School workers took home $555 million more last year than they did in the previous year — and the biggest paycheck went to a rabble-rousing teacher the city has long sought to fire.

New city payroll data the Empire Center for Public Policy compiled shows the city’s total pay to school workers increased to $10.73 billion for the 2016-17 school year. That’s up from $10.18 billion the year before.

The money includes pay for teachers, principals, administrators and other school workers.

The biggest earner in the entire system was David Suker, a controversial teacher and activist the city has spent years trying to fire.

Suker, 49, of Manhattan, started working in city schools in 1998 and said he hasn’t had a regular job in a classroom since November 2011, when the city removed him from his special-education teaching post following his arrest at an Occupy Wall Street protest.

Payroll records show the city paid Suker $362,647 in the 2016-17 school year while he bounced from school to school as an unassigned teacher. That total includes Suker’s salary of $98,485 plus about $264,000 in backpay for nearly three years his salary was docked while he was tied up in disciplinary hearings.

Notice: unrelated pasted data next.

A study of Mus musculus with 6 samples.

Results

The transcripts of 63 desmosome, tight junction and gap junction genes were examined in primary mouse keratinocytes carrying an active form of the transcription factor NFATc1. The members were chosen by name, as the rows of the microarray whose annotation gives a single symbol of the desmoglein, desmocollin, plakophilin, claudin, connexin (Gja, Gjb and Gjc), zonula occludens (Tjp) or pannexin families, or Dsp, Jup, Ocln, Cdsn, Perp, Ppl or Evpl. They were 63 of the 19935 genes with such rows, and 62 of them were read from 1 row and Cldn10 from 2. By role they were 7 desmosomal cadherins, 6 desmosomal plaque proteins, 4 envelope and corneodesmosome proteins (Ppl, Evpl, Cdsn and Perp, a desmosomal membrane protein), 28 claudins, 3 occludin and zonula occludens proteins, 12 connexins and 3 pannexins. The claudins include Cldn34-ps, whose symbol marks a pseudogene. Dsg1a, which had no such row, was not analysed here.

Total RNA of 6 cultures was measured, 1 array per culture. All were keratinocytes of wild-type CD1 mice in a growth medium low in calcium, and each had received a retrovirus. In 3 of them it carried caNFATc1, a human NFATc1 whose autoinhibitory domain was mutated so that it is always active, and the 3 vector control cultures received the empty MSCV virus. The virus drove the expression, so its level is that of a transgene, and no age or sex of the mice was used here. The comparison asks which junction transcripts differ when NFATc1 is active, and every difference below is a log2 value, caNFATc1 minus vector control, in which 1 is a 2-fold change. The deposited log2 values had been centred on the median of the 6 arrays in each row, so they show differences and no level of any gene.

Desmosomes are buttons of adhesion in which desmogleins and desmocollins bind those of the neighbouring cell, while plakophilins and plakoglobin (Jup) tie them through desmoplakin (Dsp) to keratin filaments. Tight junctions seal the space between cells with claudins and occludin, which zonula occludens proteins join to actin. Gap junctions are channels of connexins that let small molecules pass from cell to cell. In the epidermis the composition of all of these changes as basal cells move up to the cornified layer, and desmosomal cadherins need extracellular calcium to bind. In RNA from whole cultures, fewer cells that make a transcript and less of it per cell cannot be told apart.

But Suker, a veteran who suffers from post-traumatic stress disorder, said the money doesn’t make up for the stress of being assigned to rubber rooms for years on end.

“All the money in the world can’t repay me for what I’ve been through,” he said. “It’s nice to be compensated, but nothing can repay me for the stress and anguish.”

A hearing officer in December 2015 ruled against the city in its bid to fire Suker, but the Education Department still won’t give him a regular job, he said. Suker is taking a sabbatical this year to study history and education. He’s on the city payroll, receiving a portion of his salary, and will return to full pay in 2018.

Education Department spokesman Will Mantell said any increase in payroll includes salary increases as part of the 2014 teachers’ contract as well as contracts with other school and central staff.

The $555 million increase represents a 5.2% jump in the department’s overall payroll spending and does not include benefits.

Mantell said that increasing test scores, grad rates and participation in Advanced Placement classes are proof that the city’s school spending is working.

“We’ve invested in public school students, and we’re seeing results —free, full-day pre-K for every 4-year-old, record numbers of kids taking and passing AP exams, and record-high graduation rates,” Mantell said.